Beyond any doubt, the Coptic Orthodox Church has opened up in an unprecedented way since Pope Shenouda III became pope in 1971. The Church has gone far beyond its conventional role as the spiritual umbrella sheltering the Coptic community, and has become a significant institution in the Egyptian society, with an undeniable impact on national, cultural, and educational fronts. This naturally places it under the direct eye of the media and the public.
What may be seen as a positive development naturally has a negative aspect; a price the Church has to pay. After centuries of being an almost closed, sacred institution in whose affairs no-one dared to intervene, it has today become open to scrutiny and intervention by whoever would wish to do so. The press has shown incredible interest in Church concerns, with journalists rushing to print its news. Insofar as the news printed is objective there can be no harm done. But it appears that, when there is a shortage of real news, some journalists have no qualms about spreading rumours that may occasionally arise or even fabricating stories to create a pseudo battle to attract readers.
It is the prerogative of every paper to adopt the policy which best fulfils its interests, conveys its message to readers, and raises circulation. But what if a paper—for the sake of raising circulation—prints material the veracity of which is questionable?
The recent attitude of the press vis-à-vis the Church calls for an answer. At the outset, the press was interested in the Church’s celebrations and feasts, the Pope’s travel and health conditions, as well as his views on contentious issues such as the Arab-Israeli conflict, normalisation with Israel, his ban on Coptic pilgrimage to Jerusalem, organ transplantation, women’s rights and the like. Under the guise of freedom of expression, the media then boldly moved onto the more thorny files of the Church’s right to guarantee the implementation of a family law for Christians independent of that of the Muslim majority, papal succession, the role of the Coptic Milli (Community) Council, the relationship between the Church leadership and opposition within the Church, and many others.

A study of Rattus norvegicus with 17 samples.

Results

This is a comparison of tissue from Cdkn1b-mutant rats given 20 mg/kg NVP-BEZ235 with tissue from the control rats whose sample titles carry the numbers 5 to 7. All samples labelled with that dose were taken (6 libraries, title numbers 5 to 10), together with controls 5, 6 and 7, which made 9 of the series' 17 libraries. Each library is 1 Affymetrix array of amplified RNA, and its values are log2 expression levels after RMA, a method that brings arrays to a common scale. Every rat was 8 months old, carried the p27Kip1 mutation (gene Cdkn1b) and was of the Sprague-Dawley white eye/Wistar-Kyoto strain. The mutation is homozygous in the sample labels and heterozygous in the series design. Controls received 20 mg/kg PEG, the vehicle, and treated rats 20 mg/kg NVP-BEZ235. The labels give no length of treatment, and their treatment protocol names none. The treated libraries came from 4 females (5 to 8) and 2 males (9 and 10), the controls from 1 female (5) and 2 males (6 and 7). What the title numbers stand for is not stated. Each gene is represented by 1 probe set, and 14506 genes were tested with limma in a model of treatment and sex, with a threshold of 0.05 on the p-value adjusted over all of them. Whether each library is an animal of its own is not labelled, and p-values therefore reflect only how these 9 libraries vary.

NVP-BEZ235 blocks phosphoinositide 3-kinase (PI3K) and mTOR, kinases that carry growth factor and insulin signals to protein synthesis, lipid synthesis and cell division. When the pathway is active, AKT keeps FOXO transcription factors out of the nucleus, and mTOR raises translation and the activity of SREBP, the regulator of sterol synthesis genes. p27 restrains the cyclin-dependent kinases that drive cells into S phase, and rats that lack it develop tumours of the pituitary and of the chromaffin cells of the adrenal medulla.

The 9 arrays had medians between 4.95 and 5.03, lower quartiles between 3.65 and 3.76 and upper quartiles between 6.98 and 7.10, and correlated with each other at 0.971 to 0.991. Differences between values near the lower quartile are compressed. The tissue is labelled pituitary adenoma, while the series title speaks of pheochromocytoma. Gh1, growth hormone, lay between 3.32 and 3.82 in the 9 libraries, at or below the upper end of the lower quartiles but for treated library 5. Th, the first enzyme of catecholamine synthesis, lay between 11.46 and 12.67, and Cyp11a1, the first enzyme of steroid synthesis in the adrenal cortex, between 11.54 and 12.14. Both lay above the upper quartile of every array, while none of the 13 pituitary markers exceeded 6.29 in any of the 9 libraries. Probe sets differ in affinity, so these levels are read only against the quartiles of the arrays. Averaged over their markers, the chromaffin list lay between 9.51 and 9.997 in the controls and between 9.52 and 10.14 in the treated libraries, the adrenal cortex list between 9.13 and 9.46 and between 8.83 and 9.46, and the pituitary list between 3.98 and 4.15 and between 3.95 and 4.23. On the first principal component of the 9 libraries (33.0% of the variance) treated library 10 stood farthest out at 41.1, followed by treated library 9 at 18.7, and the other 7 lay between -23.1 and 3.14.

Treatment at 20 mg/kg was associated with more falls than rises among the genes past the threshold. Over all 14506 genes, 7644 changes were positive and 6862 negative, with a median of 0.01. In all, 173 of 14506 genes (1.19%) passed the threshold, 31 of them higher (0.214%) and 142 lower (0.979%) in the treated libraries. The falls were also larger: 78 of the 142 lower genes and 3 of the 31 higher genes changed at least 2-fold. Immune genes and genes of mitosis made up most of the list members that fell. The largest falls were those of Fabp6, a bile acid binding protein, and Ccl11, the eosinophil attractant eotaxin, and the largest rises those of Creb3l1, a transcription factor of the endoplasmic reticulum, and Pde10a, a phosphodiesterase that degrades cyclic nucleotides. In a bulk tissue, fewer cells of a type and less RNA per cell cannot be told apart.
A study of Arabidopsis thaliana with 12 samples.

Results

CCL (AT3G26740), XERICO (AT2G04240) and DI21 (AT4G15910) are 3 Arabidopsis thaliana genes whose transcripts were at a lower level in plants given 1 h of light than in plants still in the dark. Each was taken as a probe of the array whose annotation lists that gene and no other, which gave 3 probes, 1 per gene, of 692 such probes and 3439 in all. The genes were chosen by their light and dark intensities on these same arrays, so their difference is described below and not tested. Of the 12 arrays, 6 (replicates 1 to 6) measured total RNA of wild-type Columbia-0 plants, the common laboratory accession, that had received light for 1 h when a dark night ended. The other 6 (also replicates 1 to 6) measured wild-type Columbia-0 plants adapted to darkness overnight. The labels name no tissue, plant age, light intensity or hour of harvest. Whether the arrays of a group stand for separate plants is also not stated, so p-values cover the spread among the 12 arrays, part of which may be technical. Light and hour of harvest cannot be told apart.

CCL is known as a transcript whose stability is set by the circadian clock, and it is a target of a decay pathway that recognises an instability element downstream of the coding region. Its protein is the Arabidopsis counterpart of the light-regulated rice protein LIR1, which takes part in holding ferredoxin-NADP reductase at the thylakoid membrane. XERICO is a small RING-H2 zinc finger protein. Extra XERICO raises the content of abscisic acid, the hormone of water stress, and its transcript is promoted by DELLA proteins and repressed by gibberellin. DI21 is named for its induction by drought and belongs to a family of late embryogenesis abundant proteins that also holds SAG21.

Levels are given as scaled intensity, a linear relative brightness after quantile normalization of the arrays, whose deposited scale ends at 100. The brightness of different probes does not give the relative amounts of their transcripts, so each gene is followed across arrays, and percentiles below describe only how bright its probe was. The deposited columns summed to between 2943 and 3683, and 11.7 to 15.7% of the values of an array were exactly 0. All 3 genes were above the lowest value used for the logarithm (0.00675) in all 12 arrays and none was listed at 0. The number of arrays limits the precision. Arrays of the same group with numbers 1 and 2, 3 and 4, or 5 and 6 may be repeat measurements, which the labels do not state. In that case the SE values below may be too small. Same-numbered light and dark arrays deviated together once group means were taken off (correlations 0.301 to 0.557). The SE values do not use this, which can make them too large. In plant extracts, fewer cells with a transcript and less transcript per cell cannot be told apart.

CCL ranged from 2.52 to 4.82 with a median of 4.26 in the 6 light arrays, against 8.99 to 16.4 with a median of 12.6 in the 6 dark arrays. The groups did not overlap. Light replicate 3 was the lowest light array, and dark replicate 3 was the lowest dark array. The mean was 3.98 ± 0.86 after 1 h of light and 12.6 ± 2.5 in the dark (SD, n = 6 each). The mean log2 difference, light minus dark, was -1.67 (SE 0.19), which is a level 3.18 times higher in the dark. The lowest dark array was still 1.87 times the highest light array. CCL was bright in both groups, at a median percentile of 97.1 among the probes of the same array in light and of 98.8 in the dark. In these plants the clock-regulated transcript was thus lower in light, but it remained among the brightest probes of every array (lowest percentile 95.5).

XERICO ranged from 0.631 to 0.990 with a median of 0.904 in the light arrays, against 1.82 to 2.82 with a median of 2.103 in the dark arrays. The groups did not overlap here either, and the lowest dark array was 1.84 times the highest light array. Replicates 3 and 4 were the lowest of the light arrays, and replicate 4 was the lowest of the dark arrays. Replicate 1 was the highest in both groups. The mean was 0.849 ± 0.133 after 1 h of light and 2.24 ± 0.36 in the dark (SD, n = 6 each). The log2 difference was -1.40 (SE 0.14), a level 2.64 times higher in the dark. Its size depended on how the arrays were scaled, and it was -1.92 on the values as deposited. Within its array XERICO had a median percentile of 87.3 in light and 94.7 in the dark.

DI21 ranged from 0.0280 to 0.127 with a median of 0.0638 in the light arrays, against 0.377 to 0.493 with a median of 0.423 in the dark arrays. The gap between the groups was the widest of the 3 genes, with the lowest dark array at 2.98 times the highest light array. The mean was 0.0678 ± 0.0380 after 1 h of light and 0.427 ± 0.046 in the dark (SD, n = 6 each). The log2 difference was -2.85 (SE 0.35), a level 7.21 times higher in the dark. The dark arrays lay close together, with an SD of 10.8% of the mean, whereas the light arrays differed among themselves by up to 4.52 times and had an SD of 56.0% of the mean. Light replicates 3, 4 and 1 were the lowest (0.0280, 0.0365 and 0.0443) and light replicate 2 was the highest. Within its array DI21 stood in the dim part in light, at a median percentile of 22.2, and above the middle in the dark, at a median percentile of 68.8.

The last episode handled by the media was rather upsetting, however. When the fuss over who would succeed Pope Shenouda III lost its sparkle, the media fabricated a new story: an aide to the Pope said he saw St Mary in a dream and she told him he would be the next Pope. Not surprisingly, the bombshell of a news item hit the headlines and became the front page story of a host of papers over the past weeks. It was said that a conflict has erupted within the Church; an investigation was already underway; and accusations were levelled at some of the Pope’s associates. The story was attractive to scores of readers who scrambled to follow up. Verifying the ‘news’ or questioning their credibility appeared to be out of the question.
Yet those who possessed any degree of prudence found something odd in the confusion between religion and metaphysics and asked: is it common for those who supposedly see the holy Virgin to announce it in public?
It is sorrowful that we all stand helpless in the face of this clamour. Since I feel sorry for the public that fell prey to the recklessness of the press, I believe it is about time to open the file of the Church’s response to publicity, whether positive or adverse. Opening this file—placed on hold for a long time—would rein in the media and stand up to its adventurous practices. So far the church has traditionally kept quiet, with an uncanny conviction that the truth would ultimately come out. When push comes to shove, however, it should be imperative to issue some official public announcement regarding whatever issue aroused. Otherwise the Church would neither be able to protect its own people nor the entire public. The issue is pivotal and warrants real concern.